Salt-dependent regulation of a CNG channel subfamily in Arabidopsis
1 Molecular Plant Physiology, Department Biology, University of Erlangen, Erlangen, Germany
2 Institute of Biochemistry and Biology, University of Potsdam, Potsdam-Golm, Germany
3 Institute of Biology II/Botany, Faculty of Biology, University of Freiburg, Freiburg, Germany
BMC Plant Biology 2009, 9:140 doi:10.1186/1471-2229-9-140Published: 27 November 2009
In Arabidopsis thaliana, the family of cyclic nucleotide-gated channels (CNGCs) is composed of 20 members. Previous studies indicate that plant CNGCs are involved in the control of growth processes and responses to abiotic and biotic stresses. According to their proposed function as cation entry pathways these channels contribute to cellular cation homeostasis, including calcium and sodium, as well as to stress-related signal transduction. Here, we studied the expression patterns and regulation of CNGC19 and CNGC20, which constitute one of the five CNGC subfamilies.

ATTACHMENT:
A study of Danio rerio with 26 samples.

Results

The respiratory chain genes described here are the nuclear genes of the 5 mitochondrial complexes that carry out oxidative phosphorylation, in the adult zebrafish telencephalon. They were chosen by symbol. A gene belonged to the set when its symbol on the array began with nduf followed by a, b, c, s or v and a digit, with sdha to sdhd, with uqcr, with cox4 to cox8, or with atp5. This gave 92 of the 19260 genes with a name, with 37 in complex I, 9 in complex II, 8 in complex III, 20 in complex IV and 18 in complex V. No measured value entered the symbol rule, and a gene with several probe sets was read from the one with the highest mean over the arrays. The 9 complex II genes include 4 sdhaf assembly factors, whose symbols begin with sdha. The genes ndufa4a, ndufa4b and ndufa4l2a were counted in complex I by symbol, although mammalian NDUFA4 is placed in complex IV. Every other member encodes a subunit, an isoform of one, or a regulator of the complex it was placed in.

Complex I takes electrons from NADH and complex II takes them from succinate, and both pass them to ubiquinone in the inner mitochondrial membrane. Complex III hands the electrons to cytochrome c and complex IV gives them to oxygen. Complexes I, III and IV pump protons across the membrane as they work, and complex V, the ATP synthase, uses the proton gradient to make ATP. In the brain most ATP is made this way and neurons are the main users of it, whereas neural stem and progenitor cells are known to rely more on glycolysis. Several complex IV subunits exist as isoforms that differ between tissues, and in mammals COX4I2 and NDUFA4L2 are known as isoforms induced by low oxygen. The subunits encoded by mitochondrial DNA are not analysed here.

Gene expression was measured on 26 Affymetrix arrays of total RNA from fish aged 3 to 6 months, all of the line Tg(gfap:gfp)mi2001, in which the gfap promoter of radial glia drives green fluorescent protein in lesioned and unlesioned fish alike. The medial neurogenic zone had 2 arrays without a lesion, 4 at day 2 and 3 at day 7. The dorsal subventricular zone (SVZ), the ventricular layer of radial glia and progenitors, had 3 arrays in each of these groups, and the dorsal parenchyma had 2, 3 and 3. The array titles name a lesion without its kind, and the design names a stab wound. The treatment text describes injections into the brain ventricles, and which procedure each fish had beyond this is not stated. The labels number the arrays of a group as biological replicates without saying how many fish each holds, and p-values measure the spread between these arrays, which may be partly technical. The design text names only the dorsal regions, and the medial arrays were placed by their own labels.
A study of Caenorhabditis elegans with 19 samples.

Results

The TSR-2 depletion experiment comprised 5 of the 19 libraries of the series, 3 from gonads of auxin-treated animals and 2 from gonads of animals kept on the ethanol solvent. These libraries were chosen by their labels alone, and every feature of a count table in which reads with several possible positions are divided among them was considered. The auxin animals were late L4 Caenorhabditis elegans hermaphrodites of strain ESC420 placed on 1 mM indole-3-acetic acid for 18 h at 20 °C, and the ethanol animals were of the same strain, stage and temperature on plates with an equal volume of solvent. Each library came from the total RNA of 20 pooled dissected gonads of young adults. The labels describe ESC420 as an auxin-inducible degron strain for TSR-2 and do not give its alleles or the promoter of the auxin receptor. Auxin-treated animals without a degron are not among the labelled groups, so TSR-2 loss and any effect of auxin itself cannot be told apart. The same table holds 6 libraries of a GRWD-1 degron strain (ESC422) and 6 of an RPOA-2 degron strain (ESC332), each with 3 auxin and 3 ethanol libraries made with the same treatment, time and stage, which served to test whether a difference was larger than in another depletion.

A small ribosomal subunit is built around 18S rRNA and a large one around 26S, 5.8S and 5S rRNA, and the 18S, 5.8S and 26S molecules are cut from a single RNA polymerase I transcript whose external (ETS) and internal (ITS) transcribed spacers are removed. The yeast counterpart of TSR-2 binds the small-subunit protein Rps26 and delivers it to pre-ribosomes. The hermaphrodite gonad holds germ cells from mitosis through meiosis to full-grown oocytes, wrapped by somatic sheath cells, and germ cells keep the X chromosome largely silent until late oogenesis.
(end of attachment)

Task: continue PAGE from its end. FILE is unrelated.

GUS, GFP and luciferase reporter assays were used to study the expression of CNGC19 and CNGC20 genes from Arabidopsis thaliana in response to developmental cues and salt stress. CNGC19 and CNGC20 were differentially expressed in roots and shoots. The CNGC19 gene was predominantly active in roots already at early growth stages. Major expression was observed in the phloem. CNGC20 showed highest promoter activity in mesophyll cells surrounding the veins. Its expression increased during development and was maximal in mature and senescent leaves. Both genes were upregulated in the shoot in response to elevated NaCl but not mannitol concentrations. While in the root, CNGC19 did not respond to changes in the salt concentration, in the shoot it was strongly upregulated in the observed time frame (6-72 hours). Salt-induction of CNGC20 was also observed in the shoot, starting already one hour after stress treatment. It occurred with similar kinetics, irrespective of whether NaCl was applied to roots of intact plants or to the petiole of detached leaves. No differences in K and Na contents of the shoots were measured in homozygous T-DNA insertion lines for CNGC19 and CNGC20, respectively, which developed a growth phenotype in the presence of up to 75 mM NaCl similar to that of the wild type.
Together, the results strongly suggest that both channels are involved in the salinity response of different cell types in the shoot. Upon salinity both genes are upregulated within hours. CNGC19 and CNGC20 could assist the plant to cope with toxic effects caused by salt stress, probably by contributing to a re-allocation of sodium within the plant.